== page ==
You don't have a word for "it" in French because the concept of a non-gendered noun does not exist in French (as far as I know). When you use a pronoun in place of a noun in French, the noun it references is gendered. Nouns in English are not gendered, so we don't have distinctly masculine or feminine pronouns. The word "it" is simply a pronoun which refers to an object without a gender.
The case of referring to a cat is a little more confusing because the cat is in fact either male or female. That is, the cat does have a sex, and English speakers might sometimes personify the cat by associating the cat's sex with a gender. Instead of saying, "It is cute," then, we might instead say, "He is cute," if the cat is male or, "She is cute," if the cat is female. This is obviously exactly the same as using "il" or "elle" in French.
In the case of saying, "It is cute," though, we might not know the cat's gender or think about cats as having a gender. Because the word "cat" doesn't have an implicit gender like it does in most Romance languages, we use the generic pronoun "it".
See this example:
Suzanne went to the store.
Suzanne is presumed to be female, so we use a feminine pronoun:
She went to the store.
Look at my cat! His name is Toby.
We know from the use of the word "his" (and the male name "Toby") that the cat is male, so we might respond by saying something like:
He is very cute!
But the word "cat" doesn't carry a gender unless I give you more information about the cat to help you figure it out. So If I were to post a picture with a caption like:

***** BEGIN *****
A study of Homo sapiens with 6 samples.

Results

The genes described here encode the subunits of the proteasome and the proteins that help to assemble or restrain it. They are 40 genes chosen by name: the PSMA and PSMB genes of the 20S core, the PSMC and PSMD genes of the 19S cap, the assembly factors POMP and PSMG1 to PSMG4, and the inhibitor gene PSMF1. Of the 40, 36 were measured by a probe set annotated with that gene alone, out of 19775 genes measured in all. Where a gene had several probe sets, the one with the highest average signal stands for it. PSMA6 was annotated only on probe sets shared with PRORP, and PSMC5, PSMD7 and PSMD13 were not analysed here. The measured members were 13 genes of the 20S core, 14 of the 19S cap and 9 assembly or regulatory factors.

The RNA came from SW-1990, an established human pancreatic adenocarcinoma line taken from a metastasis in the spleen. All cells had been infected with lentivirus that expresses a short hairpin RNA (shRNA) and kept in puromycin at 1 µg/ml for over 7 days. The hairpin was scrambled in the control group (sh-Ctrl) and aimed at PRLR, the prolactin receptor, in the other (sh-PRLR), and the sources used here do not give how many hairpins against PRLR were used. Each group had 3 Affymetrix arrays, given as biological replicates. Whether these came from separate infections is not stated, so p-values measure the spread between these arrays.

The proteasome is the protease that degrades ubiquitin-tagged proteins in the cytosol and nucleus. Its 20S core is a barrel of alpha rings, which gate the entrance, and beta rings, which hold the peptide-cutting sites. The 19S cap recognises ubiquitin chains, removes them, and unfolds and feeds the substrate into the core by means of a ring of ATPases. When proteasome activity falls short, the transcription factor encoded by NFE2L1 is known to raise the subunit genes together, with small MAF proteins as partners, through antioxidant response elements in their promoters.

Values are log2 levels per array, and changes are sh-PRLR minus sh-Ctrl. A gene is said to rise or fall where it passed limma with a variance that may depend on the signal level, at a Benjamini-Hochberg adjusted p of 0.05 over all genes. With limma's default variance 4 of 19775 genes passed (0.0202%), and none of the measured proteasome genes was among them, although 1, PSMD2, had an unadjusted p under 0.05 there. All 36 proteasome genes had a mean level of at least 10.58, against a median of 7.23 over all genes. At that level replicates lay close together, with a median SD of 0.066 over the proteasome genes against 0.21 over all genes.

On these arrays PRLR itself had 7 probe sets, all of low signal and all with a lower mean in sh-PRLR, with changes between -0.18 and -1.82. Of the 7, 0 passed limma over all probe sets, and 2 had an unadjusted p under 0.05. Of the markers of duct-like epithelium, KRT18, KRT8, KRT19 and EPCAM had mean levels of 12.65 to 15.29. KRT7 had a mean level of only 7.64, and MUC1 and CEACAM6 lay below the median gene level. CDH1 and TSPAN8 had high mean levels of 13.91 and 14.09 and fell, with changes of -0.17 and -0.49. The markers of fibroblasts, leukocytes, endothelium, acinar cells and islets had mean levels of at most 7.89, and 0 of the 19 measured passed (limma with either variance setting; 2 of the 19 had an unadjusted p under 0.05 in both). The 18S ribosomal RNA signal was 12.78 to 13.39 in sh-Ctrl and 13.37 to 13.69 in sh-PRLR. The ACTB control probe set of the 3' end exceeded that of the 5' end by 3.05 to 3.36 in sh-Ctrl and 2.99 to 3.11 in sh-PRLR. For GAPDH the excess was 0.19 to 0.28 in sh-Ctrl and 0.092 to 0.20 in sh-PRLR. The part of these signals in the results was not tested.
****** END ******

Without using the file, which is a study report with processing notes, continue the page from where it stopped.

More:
This is my cat!
You can't tell from what I wrote if my cat is a male or a female, and the word "cat" in English does not carry an implicit gender. This means you need an ungendered pronoun to refer to the cat, like:
It is very cute!
Now that we recognize we can use the word "it" to refer to the cat, we can clarify why it does not refer to the general situation by which the cat is being cute. To do so is easy. Analyze the grammatical parts of the sentence:
It is very cute!
It - This word is used as a pronoun. Since we're trying to figure out what the pronoun references, we'll avoid saying much more about it for now. At any rate, "it" is the subject of the sentence.
is - This word is a verb which shows a condition, state, or property belonging to the sentence's subject, "it".
very - This word is just an adverb which modifies the word "cute".
cute - This is the property which is being described as belonging to the sentence's subject, "it".
The question before us, then, is what is meant when we say it? To answer, we can use an old trick that is generally useful for determining the antecedent to a pronoun: replace the pronoun with the nouns we think it might modify. Then decide which expression is more correct according to what we're trying to say.
[It] is very cute!
[The cat] is very cute!
[The specific thing that the cat is doing] is cute!
In the last case, the English language offers a convention that can help a listener or reader understand that we're talking about the specific thing the cat is doing and not about the cat itself. To accomplish this, we would use the demonstrative pronoun "that" or "this".
That is cute!
Using a demonstrative pronoun clarifies that we're talking about something specific to the particular situation shown in the image--in other words, the situation. Without the demonstrative pronoun, the implication is that we're referring to a persistent quality of a particular thing, like maybe the cat or the photograph itself.
The adjective "cute", though, modifies the cat, of course. It would sound a bit silly to describe a copy of the photograph as "cute", and it sounds perfectly sensible to call the cat "cute".